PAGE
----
Budget heavily relies on foreign funds for Covid-19 preventionGovernment aims to get Rs 26.21 billion or 71.67 percent of the allocation for the Covid-19 Prevention and Control Programme from foreign donors.
Prithvi Man Shrestha
The government will rely heavily on external assistance to combat the Covid-19 pandemic with over 70 percent of the funds expected to be received from donors.
According to the Ministry of Finance, the government has allocated Rs36.57 billion for Covid-19 Prevention and Control Programme in the upcoming fiscal year. It is a substantial increase from over Rs6 billion allocated for the purpose in the current fiscal year. But the government expects to receive over two-thirds of the Covid-19 prevention funds for the new fiscal year from foreign donors.
According to the red book published by the Finance Ministry, Nepal aims to get Rs 26.21 billion or 71.67 percent of the allocation for the Covid-19 Prevention and Control Programme from foreign donors. The government has allocated just Rs10.36 billion from its resources.
According to the red book, the Asian Development Bank (ADB) is expected to contribute the biggest amount—Rs17 billion—to combat the pandemic. Similarly the International Development Association under the World Bank is expected to provide Rs 8 billion for the purpose under loan assistance.
Likewise, China, the Global Alliance for Vaccines and Immunization (GAVI), and the United Nations Children’s Fund are expected to contribute a total of Rs 1.16 billion in grants for the Covid-19 prevention programme.
“A majority of the foreign aid will be used in procuring Covid-19 vaccines,” said Sishir Kumar Dhugana, secretary at the Finance Ministry. In the budget speech, the government said Rs26.75 billion has been allocated for procuring Covid-19 vaccines. This amount also includes a portion of the Asian Development Bank loan for which the government has yet to sign an agreement.
Dhungana said they have secured a loan from the Asian Development Bank (ADB) although an agreement has yet to be signed. “The ADB has committed $165 million (Rs19.17 billion), so we included the amount in the budget,” he said. However, officials and experts said the amount should not have been included in the budget without signing a loan agreement.
On April 2, the government and the World Bank signed an agreement for a loan worth $75 million to support access to safe and effective Covid-19 vaccines for Nepal’s prioritised populations.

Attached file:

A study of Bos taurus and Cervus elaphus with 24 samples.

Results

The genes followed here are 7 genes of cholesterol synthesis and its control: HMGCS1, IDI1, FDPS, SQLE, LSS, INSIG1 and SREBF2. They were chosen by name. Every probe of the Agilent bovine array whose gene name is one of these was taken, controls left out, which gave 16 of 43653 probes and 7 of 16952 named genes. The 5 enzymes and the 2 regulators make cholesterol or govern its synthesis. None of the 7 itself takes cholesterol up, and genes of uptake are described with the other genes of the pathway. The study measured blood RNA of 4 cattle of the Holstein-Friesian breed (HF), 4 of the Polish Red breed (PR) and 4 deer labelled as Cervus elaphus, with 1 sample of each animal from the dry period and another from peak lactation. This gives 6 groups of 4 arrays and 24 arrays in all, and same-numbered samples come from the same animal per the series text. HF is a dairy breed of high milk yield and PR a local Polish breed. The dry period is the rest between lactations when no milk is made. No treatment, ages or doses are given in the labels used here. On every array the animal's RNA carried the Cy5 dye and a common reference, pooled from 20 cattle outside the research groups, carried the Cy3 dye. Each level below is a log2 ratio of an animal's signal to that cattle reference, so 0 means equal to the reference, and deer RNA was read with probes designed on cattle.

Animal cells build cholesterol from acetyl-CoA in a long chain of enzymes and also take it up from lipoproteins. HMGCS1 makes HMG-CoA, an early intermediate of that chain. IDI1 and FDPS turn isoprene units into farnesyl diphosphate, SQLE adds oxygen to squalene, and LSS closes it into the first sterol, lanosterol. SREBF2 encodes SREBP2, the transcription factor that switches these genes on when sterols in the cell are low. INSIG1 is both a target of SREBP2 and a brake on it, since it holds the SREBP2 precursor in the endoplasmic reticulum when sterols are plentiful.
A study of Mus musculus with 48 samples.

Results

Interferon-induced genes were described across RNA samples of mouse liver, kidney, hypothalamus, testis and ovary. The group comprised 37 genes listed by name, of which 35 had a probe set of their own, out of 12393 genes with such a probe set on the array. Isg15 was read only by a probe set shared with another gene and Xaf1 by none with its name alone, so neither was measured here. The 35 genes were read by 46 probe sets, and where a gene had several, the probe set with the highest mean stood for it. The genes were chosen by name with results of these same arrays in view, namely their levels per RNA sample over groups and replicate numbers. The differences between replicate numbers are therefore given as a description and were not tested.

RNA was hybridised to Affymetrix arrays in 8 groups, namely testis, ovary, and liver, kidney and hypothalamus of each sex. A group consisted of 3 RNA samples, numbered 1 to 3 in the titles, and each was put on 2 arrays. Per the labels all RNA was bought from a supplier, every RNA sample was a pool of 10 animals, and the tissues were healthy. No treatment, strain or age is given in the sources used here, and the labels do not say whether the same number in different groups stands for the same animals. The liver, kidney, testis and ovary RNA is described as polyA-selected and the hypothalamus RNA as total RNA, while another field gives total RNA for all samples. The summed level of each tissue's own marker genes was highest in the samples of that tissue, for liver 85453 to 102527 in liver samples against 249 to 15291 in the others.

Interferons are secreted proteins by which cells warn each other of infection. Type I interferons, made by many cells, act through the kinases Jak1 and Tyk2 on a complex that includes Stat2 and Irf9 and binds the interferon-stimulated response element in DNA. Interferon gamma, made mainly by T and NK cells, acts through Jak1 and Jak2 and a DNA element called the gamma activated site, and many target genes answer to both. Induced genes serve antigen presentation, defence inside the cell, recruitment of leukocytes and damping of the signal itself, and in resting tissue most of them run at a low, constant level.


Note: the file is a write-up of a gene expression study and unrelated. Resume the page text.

Former Finance Secretary Shanta Raj Subedi said there is a tradition of incorporating donor funds in the budget only if negotiations for such funds have reached the stage of signing agreements. “Such resources from donors are included only on rare occasions. Usually, only the resources that have been guaranteed by signing agreements are included in the budget,” he said.
As long as an agreement is not signed, that is not considered guaranteed resources technically.
In the health sector allocations, the government has long been relying on external resources. With the government’s revenue collection taking a big hit due to the pandemic, the government has relied more on external assistance. In the last two years, the government almost doubled the budget for the Health Ministry due to the pandemic.
According to the budget speech, the government has allocated Rs122.77 billion for the Health Ministry, which is a rise of 35 percent compared to the ongoing fiscal year. The allocation for the current fiscal year is Rs90.69 billion, which is a hike by Rs21.91 billion from the allocation for 2019-20.
“The government should increase domestic funding especially in basic health facilities because they have a crucial role in fighting Covid-19 and future pandemics,” said Former Finance Secretary Bidyadhar Mallik.
“Our health budget has now grown due to the pandemic, but the total health budget over the years has remained small compared to the GDP.”
According to the World Bank’s data, Nepal’s investment in the health sector in 2018 stood at 5.84 percent against the GDP.
Although the government has given priority to increasing the number of health facilities and announced programmes to set up health posts at the local level, their implementation on the ground has remained poor.